President Muhammadu Buhari has disclosed that the country requires an investment size of N348.1 trillion to achieve the targets set out in the National Development Plan 2021-2025, saying no fewer than 21 million Nigerians would be gainfully employed through the plan.
He explained that the overall target of the plan was to achieve a broad-based real GDP growth rate of 5 per cent on average during the Plan period; generate 21 million full-time jobs; and through an inclusive growth, lift 35 million people out of poverty.
He added that this would set the stage for achieving the government’s target of lifting 100 million Nigerians out of poverty in 10 years, under the National Poverty Reduction with Growth Strategy (NPRGS).
The president spoke at the formal launch and public presentation of the National Development Plan (NDP) 2021-2025, the successor to the Economic Recovery and Growth Plan (ERGP), 2017- 2020, which lapsed in December 2020.
To achieve these, the president noted that out of the investment size of N348.1 trillion, the government was expected to provide N49.7 trillion or 14.3%, while the private sector would provide the balance of N298.3 trillion or 85.7%.
‘‘This implies that successful implementation of the Plan will require a strong partnership between the public and private sectors. In this regard, a Development Plan Implementation Unit headed by the Vice President with the Honourable Minister of State, Budget and National Planning as the Vice-Chair will be established in the Budget and National Planning arm of the Ministry to ensure overall coordination with the Ministries, Departments and Agencies; sub-national governments; Private sector operators and Civil Society Organizations,’’ he said.
The President recounted that the Federal Executive Council (FEC) had on November 10, 2021, approved the Draft National Development Plan, 2021-2025, which is the first of the envisaged Medium Term development Plans to implement the Nigeria Agenda 2050.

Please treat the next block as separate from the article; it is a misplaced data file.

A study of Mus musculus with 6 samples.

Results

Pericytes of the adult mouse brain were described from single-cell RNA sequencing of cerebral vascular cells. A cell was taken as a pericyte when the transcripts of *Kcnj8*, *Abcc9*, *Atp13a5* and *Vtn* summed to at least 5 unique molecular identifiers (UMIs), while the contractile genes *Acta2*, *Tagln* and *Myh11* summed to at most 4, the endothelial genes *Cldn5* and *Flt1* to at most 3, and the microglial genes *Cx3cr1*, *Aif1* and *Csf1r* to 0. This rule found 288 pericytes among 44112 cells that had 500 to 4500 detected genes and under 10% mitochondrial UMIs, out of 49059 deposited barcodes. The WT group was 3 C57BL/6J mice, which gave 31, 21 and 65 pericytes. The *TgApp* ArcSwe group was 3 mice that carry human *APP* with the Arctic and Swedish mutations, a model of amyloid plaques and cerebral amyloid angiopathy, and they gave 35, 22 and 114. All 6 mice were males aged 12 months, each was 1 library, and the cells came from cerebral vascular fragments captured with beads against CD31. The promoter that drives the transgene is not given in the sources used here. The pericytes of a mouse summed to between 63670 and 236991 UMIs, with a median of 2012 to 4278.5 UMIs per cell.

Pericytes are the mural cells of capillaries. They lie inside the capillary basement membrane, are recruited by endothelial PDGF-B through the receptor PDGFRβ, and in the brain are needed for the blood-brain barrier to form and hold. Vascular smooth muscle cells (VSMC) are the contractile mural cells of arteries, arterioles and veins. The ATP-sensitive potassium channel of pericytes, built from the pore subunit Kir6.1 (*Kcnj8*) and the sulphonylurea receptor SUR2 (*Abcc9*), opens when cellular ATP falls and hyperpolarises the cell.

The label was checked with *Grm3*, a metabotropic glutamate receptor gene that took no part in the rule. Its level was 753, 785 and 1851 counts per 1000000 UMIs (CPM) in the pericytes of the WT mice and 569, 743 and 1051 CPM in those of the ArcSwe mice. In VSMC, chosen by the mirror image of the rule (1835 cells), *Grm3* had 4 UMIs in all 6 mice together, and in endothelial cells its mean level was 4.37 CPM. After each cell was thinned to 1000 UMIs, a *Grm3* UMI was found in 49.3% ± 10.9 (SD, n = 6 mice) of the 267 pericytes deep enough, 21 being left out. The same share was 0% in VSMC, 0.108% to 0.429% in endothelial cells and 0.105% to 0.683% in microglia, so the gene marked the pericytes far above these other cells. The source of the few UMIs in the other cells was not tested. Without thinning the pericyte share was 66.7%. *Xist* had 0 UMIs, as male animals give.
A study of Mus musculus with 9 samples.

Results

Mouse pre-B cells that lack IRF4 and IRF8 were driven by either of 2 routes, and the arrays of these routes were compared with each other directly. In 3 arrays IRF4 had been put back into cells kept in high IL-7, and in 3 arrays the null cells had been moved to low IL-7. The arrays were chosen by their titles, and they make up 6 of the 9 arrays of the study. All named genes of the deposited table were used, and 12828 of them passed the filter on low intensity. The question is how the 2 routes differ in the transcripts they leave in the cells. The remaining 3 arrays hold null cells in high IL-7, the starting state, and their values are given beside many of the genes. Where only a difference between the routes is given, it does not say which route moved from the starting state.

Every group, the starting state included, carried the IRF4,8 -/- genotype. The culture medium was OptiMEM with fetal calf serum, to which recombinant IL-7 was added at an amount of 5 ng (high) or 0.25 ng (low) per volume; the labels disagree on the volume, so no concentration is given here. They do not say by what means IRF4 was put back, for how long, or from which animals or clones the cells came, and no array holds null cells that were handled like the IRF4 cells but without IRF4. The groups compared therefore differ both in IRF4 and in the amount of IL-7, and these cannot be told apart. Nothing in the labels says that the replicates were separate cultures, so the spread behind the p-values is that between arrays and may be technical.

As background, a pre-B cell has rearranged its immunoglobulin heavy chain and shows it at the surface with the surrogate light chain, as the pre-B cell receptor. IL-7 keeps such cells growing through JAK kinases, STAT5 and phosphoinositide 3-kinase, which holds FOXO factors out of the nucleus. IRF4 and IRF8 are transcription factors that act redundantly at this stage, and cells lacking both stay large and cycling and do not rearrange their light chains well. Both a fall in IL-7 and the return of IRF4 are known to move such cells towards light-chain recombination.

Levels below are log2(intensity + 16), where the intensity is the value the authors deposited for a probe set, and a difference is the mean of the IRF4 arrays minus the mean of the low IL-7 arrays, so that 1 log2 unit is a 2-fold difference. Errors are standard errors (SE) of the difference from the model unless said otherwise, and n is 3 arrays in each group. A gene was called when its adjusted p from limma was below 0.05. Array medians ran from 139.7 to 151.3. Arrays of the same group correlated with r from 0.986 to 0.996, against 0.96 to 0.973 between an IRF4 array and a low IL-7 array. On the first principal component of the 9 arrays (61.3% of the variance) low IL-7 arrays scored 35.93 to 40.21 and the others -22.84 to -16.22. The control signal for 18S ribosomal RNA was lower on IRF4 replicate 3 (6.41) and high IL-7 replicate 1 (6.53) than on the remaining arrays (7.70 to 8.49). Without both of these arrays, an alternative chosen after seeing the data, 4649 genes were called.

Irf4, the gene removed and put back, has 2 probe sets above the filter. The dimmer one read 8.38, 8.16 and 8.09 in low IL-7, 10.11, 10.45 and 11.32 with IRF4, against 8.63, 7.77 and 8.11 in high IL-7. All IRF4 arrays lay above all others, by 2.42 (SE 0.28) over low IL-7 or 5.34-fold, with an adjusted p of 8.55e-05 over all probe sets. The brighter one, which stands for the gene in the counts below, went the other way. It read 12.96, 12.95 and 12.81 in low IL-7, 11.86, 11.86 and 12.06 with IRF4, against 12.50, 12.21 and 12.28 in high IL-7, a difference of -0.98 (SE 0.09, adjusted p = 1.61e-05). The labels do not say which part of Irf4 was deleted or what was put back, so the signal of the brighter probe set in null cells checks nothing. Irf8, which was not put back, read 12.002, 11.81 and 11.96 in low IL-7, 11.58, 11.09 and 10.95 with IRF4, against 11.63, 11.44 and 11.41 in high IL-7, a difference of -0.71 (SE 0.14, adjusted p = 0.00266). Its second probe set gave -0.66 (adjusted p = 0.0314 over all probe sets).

‘‘The plan, as a matter of deliberate efforts, is comprehensive and has the capacity not only to accelerate and sustain national development but also the attainment of various Regional and Global Agendas, including the AU Agenda 2063, ECOWAS Agenda 2050 and the UN Sustainable Development Goals, 2030.
‘‘I have no doubt in my mind that with effective and sustained implementation, Nigeria will achieve quantum leap in unlocking its potentials in all sectors of the economy for a sustainable and inclusive national development,’’ the President said at the presentation before the commencement of the weekly FEC meeting.
Commending the Ministers of Finance, Budget and National Planning, the Leaderships of the National Steering Committee, the Central Working Group and the Technical Working Groups for the sacrifice and efforts in achieving this milestone, the president noted that the implementation of the ERGP not only helped the country to exit the 2016 economic recession but sustained a modest growth until the advent of the recent global economic challenges occasioned by the outbreak of the Coronavirus (COVID-19) pandemic.
‘‘The sustained implementation of the ERGP ensured execution of our social investment programmes and improvement in infrastructure across the country.
‘‘In order to ensure a seamless transition and continue the implementation of the policies, programmes and projects of government, it became necessary to prepare a successor Plan to the Economic Recovery and Growth Plan. I on September 9, 2020, therefore, inaugurated the National Steering Committee (NSC), co-chaired by the respected Mr. Atedo Peterside and the Honourable Minister of Finance, Budget and National Planning, Dr. (Mrs) Zainab Ahmed.
‘‘Apart from the NSC the institutional arrangement for the preparation of the Plan also included; the Central Working Group (CWG), the Technical Working Groups (TWGs) and a strong Secretariat that supported the process.
‘‘The process adopted for the preparation of the Plan was not only participatory and consultative but also inclusive; involving all segments of the society such as; Key Political Parties; Government Agencies; Labour Unions; Youth Organizations; Civil Society Organizations; Women Society; Farmers’ Association; ALGON; Traditional and Religious Leaders and Representatives of People with Special Needs; and Development Partners,’’ he said.